Folsom, CA – While the secret to a happy marriage remains a secret, many couples who have experienced difficulties in their relationship have found help through couples therapy. Unfortunately, according to recent surveys, nearly two-thirds of divorced couples never sought therapy before dissolving their relationship. Had they done so, perhaps many of these couples could have reconciled.
Brian Kypta is a registered Intern (IMF 68710) and employee of Life Practice Counseling Group (supervised by Carisa Sherwood LMFT 48768) specializing in couples therapy. Kypta works with couples in various levels of distress to help resolve their issues and restore their relationship.
“My client is not the husband or the wife,” says Kypta. “My client is the relationship. I don’t take sides. I look at how people relate to each other and I help them understand each other better to help resolve their issues.”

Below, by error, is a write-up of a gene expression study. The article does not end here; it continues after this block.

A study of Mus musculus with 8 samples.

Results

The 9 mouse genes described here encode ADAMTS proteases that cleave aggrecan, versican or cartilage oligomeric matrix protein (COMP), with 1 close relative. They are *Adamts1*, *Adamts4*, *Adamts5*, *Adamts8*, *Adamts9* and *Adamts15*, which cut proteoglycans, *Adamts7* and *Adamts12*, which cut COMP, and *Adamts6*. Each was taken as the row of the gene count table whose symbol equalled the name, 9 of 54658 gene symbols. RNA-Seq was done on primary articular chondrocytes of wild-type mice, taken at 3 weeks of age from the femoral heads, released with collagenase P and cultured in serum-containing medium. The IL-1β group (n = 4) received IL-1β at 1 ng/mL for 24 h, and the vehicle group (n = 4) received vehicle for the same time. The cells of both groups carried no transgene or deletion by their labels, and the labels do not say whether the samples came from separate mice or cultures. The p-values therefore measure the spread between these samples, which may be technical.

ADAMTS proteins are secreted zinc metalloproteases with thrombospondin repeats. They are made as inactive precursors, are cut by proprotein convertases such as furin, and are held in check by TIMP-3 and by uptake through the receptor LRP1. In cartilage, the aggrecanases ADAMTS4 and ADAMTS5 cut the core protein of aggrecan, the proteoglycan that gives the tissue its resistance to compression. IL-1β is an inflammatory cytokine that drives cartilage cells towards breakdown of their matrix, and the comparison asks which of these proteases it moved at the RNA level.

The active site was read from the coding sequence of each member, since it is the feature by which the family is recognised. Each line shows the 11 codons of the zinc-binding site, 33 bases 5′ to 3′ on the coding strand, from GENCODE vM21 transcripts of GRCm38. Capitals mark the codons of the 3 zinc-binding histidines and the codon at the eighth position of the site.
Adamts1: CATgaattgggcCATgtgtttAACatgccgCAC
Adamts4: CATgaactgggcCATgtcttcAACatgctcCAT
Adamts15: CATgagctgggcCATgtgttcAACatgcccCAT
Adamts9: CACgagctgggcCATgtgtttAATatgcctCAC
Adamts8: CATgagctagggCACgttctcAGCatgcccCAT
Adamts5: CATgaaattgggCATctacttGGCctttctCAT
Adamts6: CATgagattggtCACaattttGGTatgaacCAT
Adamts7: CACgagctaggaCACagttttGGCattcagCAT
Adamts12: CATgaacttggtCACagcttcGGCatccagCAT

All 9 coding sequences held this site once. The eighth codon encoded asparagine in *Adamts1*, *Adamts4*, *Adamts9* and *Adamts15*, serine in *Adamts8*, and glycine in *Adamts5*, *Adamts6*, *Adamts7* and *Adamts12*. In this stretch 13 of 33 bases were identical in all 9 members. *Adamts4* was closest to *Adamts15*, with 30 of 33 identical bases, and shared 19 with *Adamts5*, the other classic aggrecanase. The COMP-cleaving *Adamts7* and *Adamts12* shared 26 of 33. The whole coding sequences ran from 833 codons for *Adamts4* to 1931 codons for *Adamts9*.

According to Kypta, couples typically don’t argue about the real issues bothering them. They argue around the issue because they don’t feel like it’s something they can bring up with their spouse.
“It’s not about mediation,” explains Kypta. “Couples often want to know out who is right about an issue, but that has nothing to do with my role. In almost every case, the real problem is that they have difficulties trusting one another. In therapy, couples learn how to develop that trust and how to nurture it over time."
The most important thing that is established in a therapeutic environment, says Kypta, is safety. It’s essential people feel safe, respected and heard. Ultimately, healing isn’t accomplished in the therapist’s office, but rather with each other.
“People only come to therapy because it’s important,” says Kypta. “What’s important is solving their problems."